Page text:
Your Missing Metric
- Companies have been measuring every conceivable performance factor for hundreds of years.
- Yet, almost none measure one of the most critical predictors of leader, team, and organizational success – trust.
- When leaders value trust and invest in helping their people create and sustain it, they make a small investment that delivers significant returns.
- Measuring trust within and between teams, identifying gaps, and taking action to close those gaps improves productivity, profitability, and employee satisfaction.
Management guru Peter Drucker famously said, “If you can’t measure it, you can’t improve it.” From the stopwatches of the industrial revolution to today’s AI-enabled analysis, companies have been measuring every conceivable performance factor for hundreds of years. They often have dozens of KPIs, OKRs, and goals focused on productivity. Yet, almost none measure one of the most critical predictors of leader, team, and organizational success: trust.
Trust is the foundation upon which all successful organizations are built. Without it, relationships with customers, employees, and other stakeholders will falter, and the business will struggle to achieve its goals. In today’s fast-paced business environment, trust is a critical metric that every organization must measure and strive to improve.
The Return on Trust
Trust is an essential component of any successful team or organization. When there is a high level of trust employees are more productive, innovative, and engaged. This leads to increased profitability, reduced employee turnover, and improved customer satisfaction.
When people trust each other, they collaborate effectively, communicate openly, and support one another. This leads to better problem-solving, increased productivity, and improved overall team performance.
Imagine a company where trust is ingrained in the culture, where employees feel valued and respected, and where customers are confident in the products and services they receive. This type of organization is a beacon of success, standing tall in the face of adversity. It is a company that can weather any storm and emerges stronger than before.
When leaders value trust and invest in helping their people create and sustain it, they’re making a small investment that delivers significant returns. One way to quantify the return on trust is to consider the costs associated with low levels of trust. For example, if there is a lack of trust within a team, it can lead to conflicts and misunderstandings, which can be time-consuming and costly to resolve. Additionally, low levels of trust can lead to decreased productivity, as employees may be less likely to collaborate or share ideas.
On the other hand, high levels of trust lead to increased efficiency which translates into cost savings and increased profitability. Additionally, employees who trust their colleagues and leaders are more likely to be satisfied with their jobs, reducing the costs associated with employee turnover.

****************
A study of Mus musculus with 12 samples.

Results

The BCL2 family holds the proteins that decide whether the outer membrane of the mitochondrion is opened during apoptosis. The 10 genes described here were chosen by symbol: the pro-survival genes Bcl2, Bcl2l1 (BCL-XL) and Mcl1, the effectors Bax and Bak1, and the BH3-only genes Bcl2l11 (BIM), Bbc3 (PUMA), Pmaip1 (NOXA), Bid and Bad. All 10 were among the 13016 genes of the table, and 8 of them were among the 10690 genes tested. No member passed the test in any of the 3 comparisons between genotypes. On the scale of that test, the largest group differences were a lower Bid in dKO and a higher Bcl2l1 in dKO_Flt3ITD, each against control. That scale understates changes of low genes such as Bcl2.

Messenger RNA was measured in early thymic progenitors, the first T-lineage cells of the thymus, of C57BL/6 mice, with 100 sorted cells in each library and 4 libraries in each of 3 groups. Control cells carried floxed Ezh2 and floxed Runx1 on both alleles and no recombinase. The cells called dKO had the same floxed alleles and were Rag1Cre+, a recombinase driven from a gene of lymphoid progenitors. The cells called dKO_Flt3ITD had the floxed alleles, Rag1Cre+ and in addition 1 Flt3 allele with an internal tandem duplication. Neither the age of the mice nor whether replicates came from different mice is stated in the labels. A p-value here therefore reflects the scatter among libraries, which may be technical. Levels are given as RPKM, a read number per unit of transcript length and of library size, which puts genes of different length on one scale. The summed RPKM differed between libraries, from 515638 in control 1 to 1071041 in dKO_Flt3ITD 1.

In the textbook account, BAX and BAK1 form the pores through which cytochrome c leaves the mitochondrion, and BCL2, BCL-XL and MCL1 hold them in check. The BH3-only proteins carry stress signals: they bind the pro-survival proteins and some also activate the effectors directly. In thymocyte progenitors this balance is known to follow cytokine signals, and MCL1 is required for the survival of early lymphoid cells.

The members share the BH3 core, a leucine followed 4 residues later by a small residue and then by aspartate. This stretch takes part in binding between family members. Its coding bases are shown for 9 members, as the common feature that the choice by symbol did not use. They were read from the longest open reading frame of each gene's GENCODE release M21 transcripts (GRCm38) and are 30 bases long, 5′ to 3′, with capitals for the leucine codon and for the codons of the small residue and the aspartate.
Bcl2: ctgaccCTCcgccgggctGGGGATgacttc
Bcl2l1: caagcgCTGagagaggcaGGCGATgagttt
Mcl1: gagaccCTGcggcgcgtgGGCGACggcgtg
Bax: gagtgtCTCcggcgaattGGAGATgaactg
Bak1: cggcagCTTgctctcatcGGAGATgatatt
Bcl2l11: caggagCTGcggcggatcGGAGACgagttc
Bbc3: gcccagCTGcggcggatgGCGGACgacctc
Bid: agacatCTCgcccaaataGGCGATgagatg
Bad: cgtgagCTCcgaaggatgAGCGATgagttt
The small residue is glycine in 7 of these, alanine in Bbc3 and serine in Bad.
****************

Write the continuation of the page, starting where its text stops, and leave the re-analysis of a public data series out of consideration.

The One KPI
The nature of work has evolved rapidly over the last 25 years. Today’s leaders must be effective in flatter, team-based organizations that require the ability to lead across generations and cultures. While performance and productivity measures are essential, they aren’t enough to ensure organizational success.
Your company likely has dozens of KPIs, OKRs, or goals focused on productivity and performance. Taking to heart Drucker’s wisdom that, “If you can’t measure it, you can’t improve it” add just one new KPI. Start measuring trust within and between teams, identifying any gaps, and capturing the actions to close those gaps. Then hold managers accountable for the results.
As managers identify areas where trust may be lacking and take steps to address those issues productivity, profitability, and employee satisfaction will all improve. Moreover, you’ll reinforce the foundation of a thriving workplace, high-performance culture, and long-term success of the organization.
The question for all leaders is: how can we build and maintain trust within our own organization? How can we create a culture that fosters trust and encourages growth? The answer is not always clear, but it starts with strong leadership, open communication, and a commitment to living the organization’s values. Leaders who can successfully answer these questions will create companies that stand the test of time.
Dr. Jeb Hurley is a behavioral scientist and leading expert in team dynamics. Jeb’s work connects neurobiology, psychology, and technology with team effectiveness and performance. His leadership experience includes multiple founder, CEO, and global F100 VP/GM roles and over thirty years of developing teams and coaching leaders. Jeb holds a doctorate in organizational leadership and is the author of two books on team dynamics and leadership.
Learn more about Jeb’s work making good teams great at www.brainware-partners.com.